A volunteer for the federal NDP association in Beaches-East York, a battleground Toronto riding the New Democrats will be fighting to keep in this year's election, was entering findings from a door-to-door canvass into her party's database when a congratulatory message popped up on her screen.
First-term MP Matthew Kellway and his team, she was told, had hit a benchmark for the number of people they reached at the door that week. So as a reward, they would get free access to a central phone bank their party uses to call constituents – something for which local candidates or associations usually have to pay.
The little gesture was indicative of a big way in which technology has changed the relationship between national parties and local campaigns, and how the parties are trying to take advantage of it.
Not long ago, parties were hard-pressed to tell whether candidates were doing the things expected to help them win close races. Unless they sent field organizers to scrutinize them, they would have to take local campaigns' word for how often they were door-knocking, how many potential supporters they contacted; how many volunteers they had and how they were being deployed.
Now, anyone who wants to run under a party's banner (save for the odd entrenched incumbent, permitted to continue treating his or her constituency as a personal fiefdom) is required to enter any and all relevant voter and organizational information into the party's database. The central campaign team is thus able to look over candidates' shoulders to see what they are actually doing – and to offer some combination of carrots and sticks to get the local campaigns to do what they want.
"We support ridings that support themselves," was how a member of NDP Leader Thomas Mulcair's campaign team put it. The phone bank access is an example of that, and so is using available metrics to help decide whether to grant requests for visits by the leader for local fundraisers or to help raise candidates' profiles.
Justin Trudeau's Liberals appear to be at least as blunt in signalling they are willing to help meet local needs based on what they see in their database. According to an official in that party, campaigns have been told the level of activity by candidates and their teams will be factored into the Liberals' list of ridings that receive extra resources during the campaign because the races are thought to be close enough that a little more support could make the difference.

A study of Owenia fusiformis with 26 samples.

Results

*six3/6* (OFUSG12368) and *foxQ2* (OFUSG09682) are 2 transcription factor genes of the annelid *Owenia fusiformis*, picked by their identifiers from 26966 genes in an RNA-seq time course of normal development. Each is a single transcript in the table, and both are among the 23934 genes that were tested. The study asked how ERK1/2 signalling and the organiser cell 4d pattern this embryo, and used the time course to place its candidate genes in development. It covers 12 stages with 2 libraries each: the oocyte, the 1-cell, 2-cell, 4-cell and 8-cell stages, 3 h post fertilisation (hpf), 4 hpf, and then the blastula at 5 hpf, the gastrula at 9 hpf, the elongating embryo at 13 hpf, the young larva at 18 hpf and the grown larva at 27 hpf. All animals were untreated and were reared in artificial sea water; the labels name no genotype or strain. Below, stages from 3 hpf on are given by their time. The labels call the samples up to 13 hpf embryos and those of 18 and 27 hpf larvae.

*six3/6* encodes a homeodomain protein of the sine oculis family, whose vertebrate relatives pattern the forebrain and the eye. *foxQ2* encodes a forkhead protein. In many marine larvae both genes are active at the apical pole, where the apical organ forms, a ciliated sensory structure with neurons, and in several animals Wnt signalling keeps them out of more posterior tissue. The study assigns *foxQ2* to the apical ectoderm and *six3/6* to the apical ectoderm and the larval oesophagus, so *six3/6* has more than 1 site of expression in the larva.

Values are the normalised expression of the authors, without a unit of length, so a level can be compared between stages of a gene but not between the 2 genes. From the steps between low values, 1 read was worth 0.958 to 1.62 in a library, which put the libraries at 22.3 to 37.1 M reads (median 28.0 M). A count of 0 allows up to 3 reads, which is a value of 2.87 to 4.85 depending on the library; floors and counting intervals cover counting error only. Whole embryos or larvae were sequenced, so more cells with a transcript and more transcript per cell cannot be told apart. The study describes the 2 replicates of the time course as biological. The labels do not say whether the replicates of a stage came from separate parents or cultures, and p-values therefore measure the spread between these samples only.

Polling data, the Liberal official acknowledged, will still be paramount in deciding which ridings get priority. But "we want it to be much more metric-driven than in the past … if you're showing you're doing things we can measure, you can move up the list."
Conservatives, who have been using their database to monitor ridings' efforts for longer than the other parties, seem a bit more skeptical about the extent to which an incentive system can be used. For one thing, sources in that party cautioned, it could inadvertently encourage local campaigns to exaggerate their stats (although spot checks by the central party, such as calling a few people identified locally as supporters, can help prevent that). And they questioned whether, just to teach candidates a lesson, any party would not give priority to ridings it has a chance of winning.
On that latter point, Liberals and New Democrats conceded it would be more difficult to play favourites during the heat of the writ period than it is now. But close to election day, the ever-improving ability to monitor what candidates are doing could be used in different and more urgent ways.
If the data show a campaign in a pivotal riding does not have its act together, the parties will not be shy about effectively taking over. That could mean a replacement campaign manager, or a SWAT team comes in briefly to show what's expected. The Conservatives in the past couple of elections have been willing to call the shots for some candidates – right down to what doors they should knock on.
Even if losing control of their campaign helps them in the end, most candidates do not want to get to that point given the potential embarrassment. Aside from hoping to impress the public, people seeking office usually want to be seen positively within their party so they are considered for future posts, or at least carry weight with their leader and would-be benchmates.
That's why, for all the specific things they can give or take away from local campaigns, a lot of the parties' efforts to shape their behaviour comes down to playing to their egos.
As the Liberals were holding their winter caucus meeting, for instance, they announced that Mississauga-Streetsville candidate Gagan Sikand had "reached the most Canadians" – which is to say logged the most data about voters with whom he or his volunteers interacted – of any of their nominees.
Mr. Sikand was said to be pleased by the attention, as he was praised on Twitter by Liberal campaign director Katie Telford; some of his colleagues were perhaps a bit unnerved.
The message was clear, even if it was framed positively. The party is watching closely what its candidates do, in ways it could not have before, and judging them accordingly.